Matthew Y. Emerson, Dickinson Associate Professor of Religion, Hobbs College of Theology and Ministry, Oklahoma Baptist University
More and more these days we hear preachers and teachers tell us that Jesus should be the focal point of our sermons and interpretations. For me, this is a welcome development; I am convinced that this is the way Luke 24:27, 44; John 5:46; and other such passages teach us how to read our Bibles. But even if you’ve been convinced that we should read Scripture with Jesus at the center, most of the time the very next question is, “how?” That is, how do we read our Bibles, and all the individual stories and passages in it, as ultimately about Jesus? Here I want to give two ways to start reading God’s Word centered on Christ.
First, Christ-centered reading begins with understanding that the Bible is one story, with one climactic moment: the person and work of Jesus of Nazareth. Second, Christ-centered reading recognizes that each smaller story within that one larger story individually points to or is fulfilled in Christ as well. In other words, when we understand how the larger story points to Jesus, we can begin to understand how each of the individual stories that make up that grand narrative also point to Jesus.
Typically, the story of the Bible is broken up into four parts: Creation, Fall, Redemption, and New Creation. Without going into too much detail here, this plotline, or drama, recognizes that God made the world as an overflow of his love to show his glory. The center of his creation is his place, and the crowns of his creation are human beings, his image bearers. God intends for them to fill the earth with more image bearers, ruling over his place, cultivating his creation, and obeying his word.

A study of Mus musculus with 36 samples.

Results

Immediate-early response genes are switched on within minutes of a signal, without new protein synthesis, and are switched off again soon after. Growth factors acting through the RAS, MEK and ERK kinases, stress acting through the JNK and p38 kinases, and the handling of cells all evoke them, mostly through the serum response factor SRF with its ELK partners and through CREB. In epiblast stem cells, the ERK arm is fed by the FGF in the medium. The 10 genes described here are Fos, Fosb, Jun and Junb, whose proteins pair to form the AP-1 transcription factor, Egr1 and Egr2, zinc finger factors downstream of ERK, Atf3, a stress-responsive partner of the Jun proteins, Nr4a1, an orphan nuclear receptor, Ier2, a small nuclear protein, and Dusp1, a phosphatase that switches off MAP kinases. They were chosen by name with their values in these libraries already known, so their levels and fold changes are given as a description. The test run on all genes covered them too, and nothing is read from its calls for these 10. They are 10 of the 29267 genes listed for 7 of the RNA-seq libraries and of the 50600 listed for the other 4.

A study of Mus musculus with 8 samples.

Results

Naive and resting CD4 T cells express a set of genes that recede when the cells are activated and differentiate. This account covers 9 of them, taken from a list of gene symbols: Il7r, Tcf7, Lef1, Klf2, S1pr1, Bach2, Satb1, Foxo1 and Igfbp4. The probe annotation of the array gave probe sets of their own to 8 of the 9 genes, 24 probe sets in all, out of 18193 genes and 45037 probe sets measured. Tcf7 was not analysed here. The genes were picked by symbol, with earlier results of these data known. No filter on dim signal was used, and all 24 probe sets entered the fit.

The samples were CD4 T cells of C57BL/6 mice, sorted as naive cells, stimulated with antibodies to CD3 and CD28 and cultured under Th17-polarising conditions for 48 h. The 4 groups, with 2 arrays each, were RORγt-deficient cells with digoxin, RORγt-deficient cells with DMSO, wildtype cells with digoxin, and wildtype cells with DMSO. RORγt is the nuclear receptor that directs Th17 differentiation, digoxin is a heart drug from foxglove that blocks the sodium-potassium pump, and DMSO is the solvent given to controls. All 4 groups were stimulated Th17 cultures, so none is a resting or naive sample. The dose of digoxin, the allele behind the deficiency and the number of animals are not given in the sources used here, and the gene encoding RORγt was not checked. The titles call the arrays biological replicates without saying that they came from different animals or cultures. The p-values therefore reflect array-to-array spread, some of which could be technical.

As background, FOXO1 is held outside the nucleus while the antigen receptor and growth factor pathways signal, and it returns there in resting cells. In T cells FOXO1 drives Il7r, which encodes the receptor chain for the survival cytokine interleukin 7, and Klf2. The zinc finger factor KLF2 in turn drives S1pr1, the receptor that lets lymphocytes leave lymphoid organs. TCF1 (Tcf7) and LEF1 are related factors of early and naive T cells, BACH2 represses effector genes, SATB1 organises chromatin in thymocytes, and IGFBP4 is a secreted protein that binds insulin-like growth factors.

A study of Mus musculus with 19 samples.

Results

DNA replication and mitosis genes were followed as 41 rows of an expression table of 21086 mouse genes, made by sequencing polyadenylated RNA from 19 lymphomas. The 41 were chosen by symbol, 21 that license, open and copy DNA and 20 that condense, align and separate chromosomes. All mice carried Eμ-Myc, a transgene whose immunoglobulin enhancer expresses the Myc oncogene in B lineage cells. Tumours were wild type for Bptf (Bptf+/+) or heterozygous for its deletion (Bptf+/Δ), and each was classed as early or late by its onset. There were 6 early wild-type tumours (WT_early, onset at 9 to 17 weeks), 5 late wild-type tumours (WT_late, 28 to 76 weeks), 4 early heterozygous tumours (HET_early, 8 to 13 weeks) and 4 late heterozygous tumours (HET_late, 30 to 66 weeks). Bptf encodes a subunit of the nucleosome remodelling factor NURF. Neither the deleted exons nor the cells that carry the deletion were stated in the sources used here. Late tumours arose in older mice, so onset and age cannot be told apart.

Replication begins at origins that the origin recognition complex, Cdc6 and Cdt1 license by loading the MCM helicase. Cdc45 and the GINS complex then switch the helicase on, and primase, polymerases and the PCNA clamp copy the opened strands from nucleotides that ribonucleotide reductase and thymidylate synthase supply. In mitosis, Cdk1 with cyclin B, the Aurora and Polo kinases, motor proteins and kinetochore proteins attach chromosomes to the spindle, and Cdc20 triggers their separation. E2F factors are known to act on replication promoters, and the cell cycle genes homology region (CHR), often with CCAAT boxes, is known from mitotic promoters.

However, after the serpent questions God’s word and God’s love, Adam and Eve listen to the serpent’s voice rather than God. The effects of this Fall into sin include not just Adam and Eve’s relationship with God but also their relationship with each other and with creation itself. Sin’s effects are pervasive and cosmic in scope. But God does not leave his people without hope; he promises to send a redeemer, the Seed of Woman who will crush the serpent’s head, reverse Adam’s curse, and restore all that had been lost in the Fall. The rest of the stories in the Old Testament are a search for this Redeemer; we come to understand that the Seed of Woman will be from the line of Abraham, with whom God makes a covenant that promises to restore all that Adam lost. That Abrahamic covenant and the covenants that follow it (Sinaitic, Davidic, new) are God’s promises to his people, Israel, to save them. The story of Israel is thus the story of God’s promise to redeem the world.
These promises also tell us what to expect when God finally comes on the last day to save his people. The New Testament identifies this Seed as Jesus of Nazareth, God in the flesh come to redeem Israel, restore her from exile, and gather the nations in to be saved through repentance and faith. As we look at the bigger picture of the Bible and see that it culminates in Jesus’ person and work of redemption, then we can also see how each individual story, connected to the covenants, also finds its completion in Christ.